Over the past 14 years, I have not kept up with the Harry Potter mania that has swept across the globe. I did not read any of the 7 books and only watched one of the movies. Safe to say, I am in the minority. The book series has now sold in excess of 450 million copies (that’s not a typo), the film series has taken in well over 6 billion at the box-office and to top it all off, the merchandise earned from Harry Potter makes him a $15 billion brand. This Friday (July 15th), the last of the movies, Harry Potter and the Deathly Hallows (part 2), will be released. No doubt millions will flock to the theatres to get one last glimpse of Harry. But as John Granger has argued in a recent Christianity Today article, Harry Potter is here to stay. There have already been several successful book series (ie: the Twilight series) that have used the same writing techniques as J.K. Rowling used in her Harry Potter series.
I am not the first to chime in when it comes to this type of question. You could easily find scores of articles and blog posts that have already entered this conversation. But as a new father of twin girls, I guess I have more a vested interest in this question. Many Christian parents have concluded that even though they are not thrilled with the content of the books, at least their children are reading. Others have even come out in favor of the books because they feel the Potter books give a mostly positive message. Then there are the parents who simply conclude, our kids are going to read what they’re going to read and we can’t stop them – if all their friends are reading Harry Potter, then they will too.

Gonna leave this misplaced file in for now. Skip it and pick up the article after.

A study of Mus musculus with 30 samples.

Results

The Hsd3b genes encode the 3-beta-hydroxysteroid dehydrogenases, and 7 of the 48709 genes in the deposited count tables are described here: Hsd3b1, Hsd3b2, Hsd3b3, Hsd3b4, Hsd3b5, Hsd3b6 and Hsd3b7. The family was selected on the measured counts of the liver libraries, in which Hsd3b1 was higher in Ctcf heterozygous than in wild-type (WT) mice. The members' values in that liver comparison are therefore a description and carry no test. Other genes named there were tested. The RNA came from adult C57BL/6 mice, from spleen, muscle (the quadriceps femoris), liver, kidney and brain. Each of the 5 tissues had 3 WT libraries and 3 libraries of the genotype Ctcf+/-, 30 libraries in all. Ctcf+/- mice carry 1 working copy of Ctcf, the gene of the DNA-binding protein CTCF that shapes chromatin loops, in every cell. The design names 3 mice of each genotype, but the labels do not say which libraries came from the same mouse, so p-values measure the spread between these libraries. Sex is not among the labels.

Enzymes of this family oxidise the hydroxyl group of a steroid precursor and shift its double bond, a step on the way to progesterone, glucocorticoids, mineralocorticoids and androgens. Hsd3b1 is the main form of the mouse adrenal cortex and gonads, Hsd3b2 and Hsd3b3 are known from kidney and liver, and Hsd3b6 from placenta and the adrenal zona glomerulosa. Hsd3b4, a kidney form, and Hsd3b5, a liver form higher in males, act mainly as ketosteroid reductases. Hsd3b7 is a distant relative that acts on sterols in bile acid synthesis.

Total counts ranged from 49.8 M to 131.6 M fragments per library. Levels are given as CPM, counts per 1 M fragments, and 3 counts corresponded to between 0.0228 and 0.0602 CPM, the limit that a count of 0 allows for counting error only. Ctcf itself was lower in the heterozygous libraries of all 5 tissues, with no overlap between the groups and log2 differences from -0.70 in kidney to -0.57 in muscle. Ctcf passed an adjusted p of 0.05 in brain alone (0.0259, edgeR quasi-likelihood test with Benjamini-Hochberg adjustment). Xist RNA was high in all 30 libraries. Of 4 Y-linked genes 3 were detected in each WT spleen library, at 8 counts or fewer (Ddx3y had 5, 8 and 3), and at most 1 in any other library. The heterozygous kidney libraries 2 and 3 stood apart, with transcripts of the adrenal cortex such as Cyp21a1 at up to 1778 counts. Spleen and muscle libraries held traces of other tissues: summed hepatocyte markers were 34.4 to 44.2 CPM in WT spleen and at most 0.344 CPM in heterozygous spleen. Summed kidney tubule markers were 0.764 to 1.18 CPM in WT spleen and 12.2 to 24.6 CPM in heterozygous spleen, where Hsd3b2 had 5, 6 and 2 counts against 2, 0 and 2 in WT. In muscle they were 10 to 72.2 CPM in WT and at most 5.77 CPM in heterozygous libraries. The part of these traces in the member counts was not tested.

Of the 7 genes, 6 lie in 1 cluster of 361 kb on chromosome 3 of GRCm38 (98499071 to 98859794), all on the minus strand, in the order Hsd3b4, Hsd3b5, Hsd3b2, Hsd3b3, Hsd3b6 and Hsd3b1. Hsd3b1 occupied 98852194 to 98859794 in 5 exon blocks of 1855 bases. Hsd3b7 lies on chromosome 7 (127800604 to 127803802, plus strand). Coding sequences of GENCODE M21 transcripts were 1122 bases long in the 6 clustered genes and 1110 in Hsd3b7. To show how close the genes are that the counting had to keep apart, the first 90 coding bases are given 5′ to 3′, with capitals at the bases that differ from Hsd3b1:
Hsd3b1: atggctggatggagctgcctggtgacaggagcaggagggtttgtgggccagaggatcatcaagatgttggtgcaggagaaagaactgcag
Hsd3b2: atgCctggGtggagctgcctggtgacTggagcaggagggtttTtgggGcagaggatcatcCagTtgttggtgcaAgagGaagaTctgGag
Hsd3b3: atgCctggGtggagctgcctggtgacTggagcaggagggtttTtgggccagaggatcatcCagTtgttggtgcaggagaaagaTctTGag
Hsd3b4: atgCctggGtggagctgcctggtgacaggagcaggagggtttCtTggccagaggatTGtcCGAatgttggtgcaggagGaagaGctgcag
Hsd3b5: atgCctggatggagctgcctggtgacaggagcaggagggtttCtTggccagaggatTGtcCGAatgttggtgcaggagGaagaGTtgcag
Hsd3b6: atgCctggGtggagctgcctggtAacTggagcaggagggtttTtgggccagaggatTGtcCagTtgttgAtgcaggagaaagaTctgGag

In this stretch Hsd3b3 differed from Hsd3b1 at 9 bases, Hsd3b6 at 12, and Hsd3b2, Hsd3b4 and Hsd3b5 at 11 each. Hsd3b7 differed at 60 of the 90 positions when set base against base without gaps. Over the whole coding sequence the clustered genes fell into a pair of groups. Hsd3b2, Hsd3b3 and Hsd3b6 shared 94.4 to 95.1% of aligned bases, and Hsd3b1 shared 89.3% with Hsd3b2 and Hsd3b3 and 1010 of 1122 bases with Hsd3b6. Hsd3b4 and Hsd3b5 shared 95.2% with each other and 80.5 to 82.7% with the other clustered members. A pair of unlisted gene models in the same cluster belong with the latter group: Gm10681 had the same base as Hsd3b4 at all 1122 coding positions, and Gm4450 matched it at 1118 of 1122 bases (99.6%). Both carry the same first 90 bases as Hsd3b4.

In my estimation, parents would do well to not expose their children to Harry Potter and other similar forms of books and movies. The bible clearly condemns all forms of witchcraft and sorcery (Deuteronomy 18:10-11). As the apostle Paul explains, “we do not wrestle against flesh and blood, but against the rulers, against the authorities, against the cosmic powers over this present darkness, against the spiritual forces of evil in the heavenly places” (Ephesians 6:12). The clincher for me is Philippians 4:8. “Finally, brothers, whatever is true, whatever is honorable, whatever is just, whatever is pure, whatever is lovely, whatever is commendable, if there is any excellence, if there is anything worthy of praise, think about these things.” Clearly, Harry Potter does not fit into this category.
Like my good friend Dick Sherman once said, if you dig long enough through the dumpster behind your local MacDonald’s, chances are you will eventually find something of a meal, but you are going to have to dig through a whole lot of trash to find that meal. The same is true of Harry Potter. If you dig deep enough, you might find something positive. But is it really worth exposing yourself and your kids to all kinds of trash and garbage in order to find a cornel of truth? Do you really think your children will benefit in the long run?
The reality is that there is no shortage of good books. When it comes to children’s books, the Lord of the Rings and the Chronicles of Narnia come to mind, but there are tons of other good books for your children. However, the best thing you can do for your children is to get them in the Word of God. By all means, encourage them to read, but encourage them to drink deeply in the Scriptures. It is my prayer that we may be able to say, like the apostle John, “I have no greater joy than to hear that my children are walking in the truth” (3 John 4).